Friday, April 27, 2012

captain britain presents the fantastic four adventure game

Fantastic Four Adventure Game
Source: Captain Britain #28, April 20, 1977.

Sort this one out: a game page written and drawn by a Canadian for an American publisher who placed it in a comic book designed for the British market. You follow?

The game itself is pretty simple. If you're feeling bored, print out the full-sized version, grab the nearest die, and play a round or three.

Owen McCarron was an advertising director and cartoonist with the Halifax Chronicle-Herald whose feature Fun and Games was syndicated across Canada. A comic book fan, McCarron produced various giveaways that, according to John Bell's guide to Canadian comic book history Invaders From The North (Toronto: Dundurn, 2006), were "mostly full-colour comics that were distinguished by bold, engaging artwork and reasonably solid storylines." For  Marvel, McCarron produced Fun and Games pages like the one above and a series that ran 13 issues in 1979-80 with covers advising readers that "all you need is a pencil."

Wednesday, April 11, 2012

the mail and empire on journalism schools, 1912

The journalism school that Toronto's morning conservative paper barely conceals its disdain for evolved into the Columbia University Graduate School of Journalism (though I agree that one doesn't have to sit in a classroom to learn the essentials of reporting). Seventy-nine budding scribes made up the opening class on September 30, 1912. Within five years, the school handed out its first Pulitzer Prize, which makes me wonder if the Mail and Empire later pooh-poohed the concept of journalism awards.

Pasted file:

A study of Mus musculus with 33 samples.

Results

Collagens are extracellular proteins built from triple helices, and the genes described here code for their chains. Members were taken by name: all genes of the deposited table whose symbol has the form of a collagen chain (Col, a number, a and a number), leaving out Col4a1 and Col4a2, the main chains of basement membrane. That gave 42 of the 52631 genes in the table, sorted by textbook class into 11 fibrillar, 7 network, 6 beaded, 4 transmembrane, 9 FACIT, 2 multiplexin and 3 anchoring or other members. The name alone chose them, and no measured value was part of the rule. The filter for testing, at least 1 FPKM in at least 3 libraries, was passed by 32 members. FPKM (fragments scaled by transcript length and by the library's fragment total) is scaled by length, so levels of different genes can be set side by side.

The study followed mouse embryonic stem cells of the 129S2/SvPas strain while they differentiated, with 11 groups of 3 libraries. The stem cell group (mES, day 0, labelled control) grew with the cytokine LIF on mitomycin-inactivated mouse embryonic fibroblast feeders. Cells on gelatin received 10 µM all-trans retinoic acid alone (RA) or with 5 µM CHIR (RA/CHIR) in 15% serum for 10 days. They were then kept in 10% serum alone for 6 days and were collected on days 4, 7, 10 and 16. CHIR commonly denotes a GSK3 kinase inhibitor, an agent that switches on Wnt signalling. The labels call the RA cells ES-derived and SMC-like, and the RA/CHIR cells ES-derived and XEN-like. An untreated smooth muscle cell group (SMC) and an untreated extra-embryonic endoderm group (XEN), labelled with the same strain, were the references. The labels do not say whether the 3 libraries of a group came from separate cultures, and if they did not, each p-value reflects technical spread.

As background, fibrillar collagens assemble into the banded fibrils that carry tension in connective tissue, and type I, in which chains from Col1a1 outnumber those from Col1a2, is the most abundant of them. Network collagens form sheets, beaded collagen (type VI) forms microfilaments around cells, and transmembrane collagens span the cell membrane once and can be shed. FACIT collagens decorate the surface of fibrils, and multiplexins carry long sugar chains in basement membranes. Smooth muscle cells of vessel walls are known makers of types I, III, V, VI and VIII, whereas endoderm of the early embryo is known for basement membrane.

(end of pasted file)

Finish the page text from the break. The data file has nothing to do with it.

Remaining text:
Source: the Mail and Empire, April 19, 1912.

Thursday, April 05, 2012

a british opinion on canadian wine, 1965

Penguin Book of Wines

One series of paperbacks I've picked up at fundraising book sales over the years is Penguin's food handbooks.  Small, rarely more than 50 cents a copy, and ranging in subjects from haute cuisine to proper freezing techniques, they're food guides designed for reading instead of gawking. Aimed at a British audience, there are occasional nods to North America, such as a brief look at our fermented grape industry in Allan Sichel's 1965 guide The Penguin Book of Wines.